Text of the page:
In this 1967 photo, Brother Lawrence Sandstrom, right, supervises as Emile… (Los Angeles Times )
The preschooler's hair was falling out in clumps. He had stopped playing with other children and barely spoke to his teachers. He woke screaming each night, and during the day clung to his mother.
What's wrong, she asked again and again. Finally, he told her: His big brother, adopted seven years earlier from the Maryvale Catholic orphanage in Rosemead, was molesting him. Devastated, she rushed the older boy to a therapist's office, where he offered a harrowing explanation.
"He said that Brother Larry had done it to him at Maryvale — him and other children," his mother recalled years later.
The man he named was Lawrence Sandstrom, a brother of the Holy Cross religious order and the subject of molestation allegations in Los Angeles stretching back to the 1960s. Over the years, claims against Sandstrom have cost the Catholic Church more than $3 million in civil settlements. But unlike in the L.A. Archdiocese, which released 12,000 pages of internal records on abusive priests in January, there has yet to be a full accounting of the church's handling of Sandstrom.
That will change this summer when the Holy Cross brothers and a host of other Catholic orders make public the personnel files of as many as 139 priests, brothers and nuns accused of abusing children in the Los Angeles area.
Although the failings of the archdiocese in dealing with abuse have been well documented, the response of independent religious orders, who minister around the world, is less known. Orders such as the Jesuits, Salesians and Carmelites had more clergy working in the region than the archdiocese itself when some of the worst molestation occurred. Oversight of those priests rested not with the archbishop but with the superiors of some 50 far-flung orders headquartered across the country.
Among those whose files will be made public are a Piarist father who was prosecuted in both Los Angeles and Texas for sexual assault of teenagers and a Dominican priest who fled to his native Philippines after another priest discovered a 17-year-old in his bed.
The contents of Sandstrom's confidential file hold particular interest because what is known publicly about his case is conflicting. The young and psychologically troubled children at the orphanage in 1983 made for less than reliable witnesses, and authorities were divided about the validity of their claims. Prosecutors said they didn't have enough evidence to file criminal charges against Sandstrom, but a judge overseeing foster children found that he had sodomized 4-year-olds. Sandstrom insisted on his innocence, and his superiors in the order and at the orphanage backed him up, writing glowing letters of recommendation to help him get teaching jobs at Catholic high schools.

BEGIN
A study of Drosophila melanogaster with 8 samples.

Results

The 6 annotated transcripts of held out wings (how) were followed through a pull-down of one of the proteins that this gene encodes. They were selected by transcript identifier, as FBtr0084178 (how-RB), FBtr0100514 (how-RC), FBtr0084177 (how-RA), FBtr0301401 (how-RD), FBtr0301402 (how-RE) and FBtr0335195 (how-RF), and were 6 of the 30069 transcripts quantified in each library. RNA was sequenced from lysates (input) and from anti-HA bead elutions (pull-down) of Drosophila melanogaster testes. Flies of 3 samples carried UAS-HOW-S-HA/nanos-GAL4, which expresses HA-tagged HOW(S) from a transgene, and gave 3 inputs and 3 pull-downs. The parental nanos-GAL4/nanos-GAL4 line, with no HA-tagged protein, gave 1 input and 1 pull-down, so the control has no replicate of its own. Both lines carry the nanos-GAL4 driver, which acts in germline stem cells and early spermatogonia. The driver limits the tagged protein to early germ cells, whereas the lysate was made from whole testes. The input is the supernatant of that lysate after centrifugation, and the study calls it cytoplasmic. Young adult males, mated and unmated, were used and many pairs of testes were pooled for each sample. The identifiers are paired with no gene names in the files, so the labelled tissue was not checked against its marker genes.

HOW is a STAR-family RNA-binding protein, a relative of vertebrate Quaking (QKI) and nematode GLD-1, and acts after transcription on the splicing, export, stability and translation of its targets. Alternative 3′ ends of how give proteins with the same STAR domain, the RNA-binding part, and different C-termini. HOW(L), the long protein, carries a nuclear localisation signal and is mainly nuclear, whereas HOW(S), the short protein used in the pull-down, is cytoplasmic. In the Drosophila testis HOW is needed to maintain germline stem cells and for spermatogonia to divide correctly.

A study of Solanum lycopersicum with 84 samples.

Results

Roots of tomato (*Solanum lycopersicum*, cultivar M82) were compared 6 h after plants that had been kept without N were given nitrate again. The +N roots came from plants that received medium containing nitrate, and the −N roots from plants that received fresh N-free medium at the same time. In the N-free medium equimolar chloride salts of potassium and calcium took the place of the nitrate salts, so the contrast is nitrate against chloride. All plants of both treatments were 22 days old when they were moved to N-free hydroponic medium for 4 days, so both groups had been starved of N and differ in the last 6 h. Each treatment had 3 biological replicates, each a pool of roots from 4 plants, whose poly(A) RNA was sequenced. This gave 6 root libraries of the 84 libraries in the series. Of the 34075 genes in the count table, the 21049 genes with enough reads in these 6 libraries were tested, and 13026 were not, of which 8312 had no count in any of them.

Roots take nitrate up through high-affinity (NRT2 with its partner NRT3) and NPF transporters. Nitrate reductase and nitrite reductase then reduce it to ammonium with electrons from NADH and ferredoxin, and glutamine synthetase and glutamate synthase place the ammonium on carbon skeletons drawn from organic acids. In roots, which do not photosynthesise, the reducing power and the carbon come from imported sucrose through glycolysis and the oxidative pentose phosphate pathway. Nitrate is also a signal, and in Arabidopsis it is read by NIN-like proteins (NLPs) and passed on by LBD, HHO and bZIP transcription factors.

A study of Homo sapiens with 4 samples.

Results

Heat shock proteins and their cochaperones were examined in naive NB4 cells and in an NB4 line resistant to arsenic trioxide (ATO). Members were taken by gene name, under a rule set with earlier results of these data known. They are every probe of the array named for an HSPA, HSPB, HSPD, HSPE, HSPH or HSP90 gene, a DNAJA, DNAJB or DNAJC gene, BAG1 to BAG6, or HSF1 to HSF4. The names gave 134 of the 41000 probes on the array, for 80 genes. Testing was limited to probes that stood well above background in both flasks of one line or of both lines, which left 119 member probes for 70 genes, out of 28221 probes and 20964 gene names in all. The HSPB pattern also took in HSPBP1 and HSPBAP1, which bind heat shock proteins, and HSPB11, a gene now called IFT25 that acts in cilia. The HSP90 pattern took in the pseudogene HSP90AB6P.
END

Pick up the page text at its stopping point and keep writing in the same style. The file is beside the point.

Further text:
A lawyer for the Holy Cross brothers said the order's file on Sandstrom runs hundreds of pages and could become public as early as this month. Sandstrom, 73, resigned from the order in 1997 for reasons the order said were unrelated to abuse allegations. He now sells kitchen countertops in New Orleans and did not return messages seeking comment.
Chief among the long-unanswered questions is what the order knew about Sandstrom when he was sent to be executive director of Maryvale, an orphanage for especially vulnerable children run by an order of nuns.
Elizabeth Gori, who became the guardian of a second boy allegedly molested by Sandstrom, said she hoped the files might "uncover all this stuff the church has been hiding for all those years."
"I only had bits and pieces at the time, and I was trying to focus on what would help" the boy, she said.
Court filings, archdiocese records and interviews provide a partial picture of Sandstrom's troubles in Los Angeles. The boy Gori cared for was one of several Maryvale children who returned from an outing with Sandstrom in the San Bernardino Mountains displaying behavior one orphanage social worker described as "unusually sexual."
"They kept referring to a secret," social worker Mary Jane Landrock wrote at the time. She called a child abuse hotline. In interviews with detectives, one boy described in detail how "Brother Larry" sodomized him, but the other children's statements were less clear.
"One of the children only talks in riddles & another is called a liar by the other children," a prosecutor wrote of the boy later cared for by Gori and a girl who went on the outing. Two boys ultimately accused Sandstrom of molesting them.
Sandstrom denied harming the children but declined to be interviewed by investigators or take a polygraph test. Ultimately sheriff's detectives and county social services workers said they could not substantiate the claims. When Landrock kept voicing her suspicions, Sandstrom fired her. The orphanage later paid her $25,000 as part of a settlement in which she agreed never to disparage Maryvale employees.